In case you missed it. The Original Caucasian Jack shirt We kicked off our Design Innovation Series: Street Fleece Edition on YouTube by going over the basics of printing on fleece fabric. So if you missed it, we recapped it in last week’s blog that you can check out here. This week, we’re diving into design trends. More specifically? Applying a neon print to a neutral garment. Neons are hot right now, but wearing a neon hoodie while a bold look, is not the most wearable thing in the world. Our solution: pair it with a neutral. This combo is a win in our book because it’s understated and brings an element of color to a sophisticated color palette. We aren’t the only ones who are a fan of this look either. We scoped this color combo out on our favorite department stores. Sold yet? Keep reading to see how it’s done.
The Original Caucasian Jack shirt, hoodie, sweater, longsleeve and ladies t-shirt
We came out with three neutral colors for our fleece this year: tan, sand dune and vintage white. The Original Caucasian Jack shirt To show a way to use a neutral color but add a pop of neon, we chose tan for this design for a great contrast. One of things from a printing perspective is to get a really bright neon fluorescent color. Generally printers tend to just put a tremendous amount of ink down and we don’t want to do that- we want to keep a nice soft hand to it. We’re going to show you how you can actually apply multiple layers of neon ink and get a super bright vibrant look while retaining a nice soft hand. One of the worst things, when you put a really heavy layer of ink down? You get a nasty texture, kind of an orange peel texture, is what they call it. We want to avoid that with a nice smooth texture. Here’s how we do it:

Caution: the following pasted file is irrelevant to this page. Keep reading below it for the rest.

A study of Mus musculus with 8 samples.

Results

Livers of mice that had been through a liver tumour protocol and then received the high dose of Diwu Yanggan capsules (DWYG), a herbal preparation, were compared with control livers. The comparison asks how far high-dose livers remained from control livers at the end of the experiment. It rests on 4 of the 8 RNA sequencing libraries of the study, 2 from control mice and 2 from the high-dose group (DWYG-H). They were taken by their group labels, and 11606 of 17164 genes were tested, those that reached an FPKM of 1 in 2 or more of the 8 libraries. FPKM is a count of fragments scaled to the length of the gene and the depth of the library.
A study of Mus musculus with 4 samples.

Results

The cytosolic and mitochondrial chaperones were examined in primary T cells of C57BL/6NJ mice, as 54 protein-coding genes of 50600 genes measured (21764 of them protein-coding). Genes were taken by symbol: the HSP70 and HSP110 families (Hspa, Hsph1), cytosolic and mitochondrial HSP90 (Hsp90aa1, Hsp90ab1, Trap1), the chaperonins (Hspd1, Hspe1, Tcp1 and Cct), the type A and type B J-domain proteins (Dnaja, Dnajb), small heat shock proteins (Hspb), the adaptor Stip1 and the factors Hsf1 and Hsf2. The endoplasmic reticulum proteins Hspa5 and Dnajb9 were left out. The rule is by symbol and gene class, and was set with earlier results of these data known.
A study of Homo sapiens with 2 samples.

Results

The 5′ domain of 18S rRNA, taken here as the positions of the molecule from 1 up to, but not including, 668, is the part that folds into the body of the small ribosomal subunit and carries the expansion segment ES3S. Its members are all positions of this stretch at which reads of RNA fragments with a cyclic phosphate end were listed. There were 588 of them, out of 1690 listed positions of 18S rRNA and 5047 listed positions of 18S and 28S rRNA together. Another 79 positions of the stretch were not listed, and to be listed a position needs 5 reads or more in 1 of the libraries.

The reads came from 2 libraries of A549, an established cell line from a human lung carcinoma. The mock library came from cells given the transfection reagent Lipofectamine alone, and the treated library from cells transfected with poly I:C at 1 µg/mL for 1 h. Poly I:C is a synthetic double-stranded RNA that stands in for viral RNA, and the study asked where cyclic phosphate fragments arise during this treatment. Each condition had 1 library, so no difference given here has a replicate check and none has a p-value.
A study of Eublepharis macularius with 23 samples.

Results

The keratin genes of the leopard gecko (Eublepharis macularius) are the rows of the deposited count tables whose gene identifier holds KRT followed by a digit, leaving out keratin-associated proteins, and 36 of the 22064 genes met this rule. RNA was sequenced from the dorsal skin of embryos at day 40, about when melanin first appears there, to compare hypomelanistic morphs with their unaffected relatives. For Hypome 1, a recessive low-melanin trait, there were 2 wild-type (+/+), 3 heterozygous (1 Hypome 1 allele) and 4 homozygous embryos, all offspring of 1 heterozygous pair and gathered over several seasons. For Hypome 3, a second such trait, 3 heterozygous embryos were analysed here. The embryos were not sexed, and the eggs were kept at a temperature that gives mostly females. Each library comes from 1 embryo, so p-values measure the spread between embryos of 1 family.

Split your print into four separate screens to set up for four thin layers of ink. We want to have a nice bright print, but with minimal ink deposit.
Print a white under base (135 Mesh). Flash it.
Print a secondary white under base (225 Mesh). Flash that.
Print the first layer of neon green (225 Mesh). Flash it.
Print the last layer of neon green (225 Mesh). You guessed it- flash it.
The most important thing to note is all of the mesh counts are very high. Mesh meaning, we’re printing really really thin layers of ink, but stacking them on top of each other to get a really clean, bright print!